The Hospice and Palliative Care Composite Process Measure – Comprehensive Assessment at Admission (NQF #3235) also known as, the Hospice Comprehensive Assessment Measure, or the Composite Measure was implemented in the Hospice Quality Reporting Program (HQRP) on April 1, 2017. Hospices data collection for the measure from Q2 2017 thru Q4 2017 is displayed under the “HIS Comprehensive Assessment Measure” in the December 2018 Hospice Compare refresh.

The HQRP was established under section 1814(i)(5) of the Social Security Act and requires the Secretary to publicly report, on a CMS website, quality measures that relate to the care provided by hospice programs across the country. The HQRP consist of two components: the Hospice Item Set (HIS) and the Consumer Assessment of Healthcare Providers and Systems (CAHPS) survey. CMS reports quarterly through the Hospice Compare website the survey results for 8 CAHPS measures and data collected for 7 HIS quality measures. In addition, the “Hospice Comprehensive Assessment Measure” has been added to the quarterly Hospice Compare.

The “Hospice Comprehensive Assessment Measure” is a composite measure and is calculated using the existing 7 HIS data items (component measures) below:

  • NQF#1617 Patients treated with an Opioid who are Given a Bowel Regimen
  • NQF #1634 Pain Screening
  • NQF #1637 Pain Assessment
  • NQF #1639 Dyspnea Screening
  • NQF #1638 Dyspnea Treatment
  • NQF #1647 Beliefs/Values Addressed (if desired by the patient)
  • NQF #1641 Treatment Preferences

CMS began public reporting on the above measures last year individually so consumers could see how hospices performed on each individual component measure. The NEW Hospice Comprehensive Assessment Measure takes these 7 individual measures and combines them into a single metric. This measure is an “all-or-none” measure, which means that in order to receive credit, the hospice must successfully complete ALL 7 care processes for which the patient is eligible. Some Hospices are seeing the single percentage of the new composite measure lower than the lowest individual component measure due to the “all-or-none” calculation. Hospices need to make sure they understand the “all-or-none” approach with the conditional measures applied to the calculation to ensure their percentage scores reflect their quality of care.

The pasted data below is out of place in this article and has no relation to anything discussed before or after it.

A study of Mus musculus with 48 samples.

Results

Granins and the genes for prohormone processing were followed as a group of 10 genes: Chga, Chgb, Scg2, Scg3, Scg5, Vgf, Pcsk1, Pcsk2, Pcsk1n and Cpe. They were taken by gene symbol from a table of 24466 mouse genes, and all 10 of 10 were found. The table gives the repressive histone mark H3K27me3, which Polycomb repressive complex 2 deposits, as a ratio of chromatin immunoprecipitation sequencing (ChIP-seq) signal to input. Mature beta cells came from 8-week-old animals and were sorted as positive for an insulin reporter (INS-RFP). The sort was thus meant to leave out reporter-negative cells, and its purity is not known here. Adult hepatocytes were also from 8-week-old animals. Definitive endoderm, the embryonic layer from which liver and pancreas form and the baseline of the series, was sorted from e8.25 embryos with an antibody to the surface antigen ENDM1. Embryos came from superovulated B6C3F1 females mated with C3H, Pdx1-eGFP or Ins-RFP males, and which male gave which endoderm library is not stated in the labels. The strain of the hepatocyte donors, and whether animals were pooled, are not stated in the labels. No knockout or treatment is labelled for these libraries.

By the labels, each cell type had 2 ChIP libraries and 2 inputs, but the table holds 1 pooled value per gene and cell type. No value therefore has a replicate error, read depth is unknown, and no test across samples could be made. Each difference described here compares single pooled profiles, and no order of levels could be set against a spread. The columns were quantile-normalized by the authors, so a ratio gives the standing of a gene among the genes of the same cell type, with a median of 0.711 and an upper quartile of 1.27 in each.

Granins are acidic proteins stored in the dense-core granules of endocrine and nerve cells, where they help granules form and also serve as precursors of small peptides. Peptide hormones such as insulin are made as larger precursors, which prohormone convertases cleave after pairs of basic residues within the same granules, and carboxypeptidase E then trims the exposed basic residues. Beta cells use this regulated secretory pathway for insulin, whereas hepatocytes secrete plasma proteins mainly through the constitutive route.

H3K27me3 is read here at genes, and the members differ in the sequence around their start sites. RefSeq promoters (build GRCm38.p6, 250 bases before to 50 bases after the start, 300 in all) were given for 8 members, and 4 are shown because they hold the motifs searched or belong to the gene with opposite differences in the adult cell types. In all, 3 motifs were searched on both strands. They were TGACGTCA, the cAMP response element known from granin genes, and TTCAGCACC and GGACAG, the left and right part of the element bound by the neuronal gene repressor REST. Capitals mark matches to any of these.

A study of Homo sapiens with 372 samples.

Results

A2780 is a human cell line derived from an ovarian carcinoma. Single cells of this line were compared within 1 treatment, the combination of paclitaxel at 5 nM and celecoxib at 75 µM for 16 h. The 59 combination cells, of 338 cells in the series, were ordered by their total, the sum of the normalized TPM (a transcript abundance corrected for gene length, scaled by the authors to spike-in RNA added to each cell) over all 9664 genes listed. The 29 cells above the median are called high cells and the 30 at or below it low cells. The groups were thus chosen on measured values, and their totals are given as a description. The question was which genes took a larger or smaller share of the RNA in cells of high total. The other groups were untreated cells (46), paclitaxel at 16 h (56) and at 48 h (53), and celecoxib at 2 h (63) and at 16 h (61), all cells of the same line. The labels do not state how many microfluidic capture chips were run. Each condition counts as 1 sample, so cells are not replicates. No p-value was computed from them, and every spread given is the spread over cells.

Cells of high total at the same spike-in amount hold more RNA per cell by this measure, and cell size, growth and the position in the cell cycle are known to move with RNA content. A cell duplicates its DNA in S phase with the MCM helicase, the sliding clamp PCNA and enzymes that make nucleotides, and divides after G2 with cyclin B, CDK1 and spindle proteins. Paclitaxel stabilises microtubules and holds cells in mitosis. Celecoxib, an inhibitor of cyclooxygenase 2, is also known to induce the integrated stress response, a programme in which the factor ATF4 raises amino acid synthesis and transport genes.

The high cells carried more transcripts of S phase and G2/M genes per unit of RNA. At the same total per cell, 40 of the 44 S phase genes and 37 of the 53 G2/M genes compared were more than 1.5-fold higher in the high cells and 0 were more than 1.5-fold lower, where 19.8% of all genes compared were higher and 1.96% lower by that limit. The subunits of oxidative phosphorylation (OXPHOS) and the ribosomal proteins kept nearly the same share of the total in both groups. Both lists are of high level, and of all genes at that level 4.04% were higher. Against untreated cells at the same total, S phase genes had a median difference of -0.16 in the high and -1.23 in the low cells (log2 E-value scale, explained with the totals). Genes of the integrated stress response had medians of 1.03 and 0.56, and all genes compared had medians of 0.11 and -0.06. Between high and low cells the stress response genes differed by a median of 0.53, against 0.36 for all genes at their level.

The HIS Comprehensive Assessment Measure includes 3 conditional measures. A conditional measure is a measure where inclusion in the denominator is “dependent” or “conditional” on a response to a previous item. When calculating the Hospice Comprehensive Assessment Measure, if a patient does not meet the denominator criteria for a conditional measure, the hospice will by default “receive credit” for that conditional measure for that patient. This only applies to the Hospice Comprehensive Assessment quality measure, not the calculation of the individual component measures.

Conditional Measures in the Hospice Comprehensive Assessment Quality Measure:

  • NQF #1637 Pain Assessment
  • NQF #1638 Dyspnea Treatment
  • NQF #1617 Patients Treated with an Opioid Who Are Given a Bowel Regimen

For example, if a patient screened NEGATIVE for dyspnea:

  • The patient would be ineligible for the NQF #1638 Dyspnea Treatment above
  • The hospice would receive credit for the Dyspnea Treatment component of the Hospice Comprehensive Assessment Measure, without having conducted the dyspnea treatment care process because, based on the results of the patient’s dyspnea screening, it was appropriate for the hospice NOT to proceed with dyspnea treatment, as the patient does not have dyspnea.

The December 2018 quarterly Hospice Compare displays the “Family Experience of Care” with the 8 CAHPS measures followed by, “Quality of Patient Care” with the new “HIS Comprehensive Assessment Measure” comparing the hospice percentage with the national average. The consumer may view the 7 individual HIS quality measures but may only do so, by clicking the drop down.

It is imperative for hospices to address all 7 existing HIS components at admission for every patient with the “all-or-none” approach scoring of the new Hospice Comprehensive Assessment Measure. The Hospice Compare website’s explanation of the new measure for the hospice consumer states,

This one measure shows if the hospice staff completed all of the following when a patient was admitted to hospice care:

  • Asked patients about their treatment preferences and beliefs & values
  • Checked to see if patients were in pain
  • Thoroughly assessed patients in pain
  • Checked to see if patients had shortness of breath, and
  • Offered care for constipation for patients taking opioids

Following the above the website has this statement: “If the hospice did not complete the 7 care processes for a patient, the patient is not included in the HIS Comprehensive Assessment Measure score.”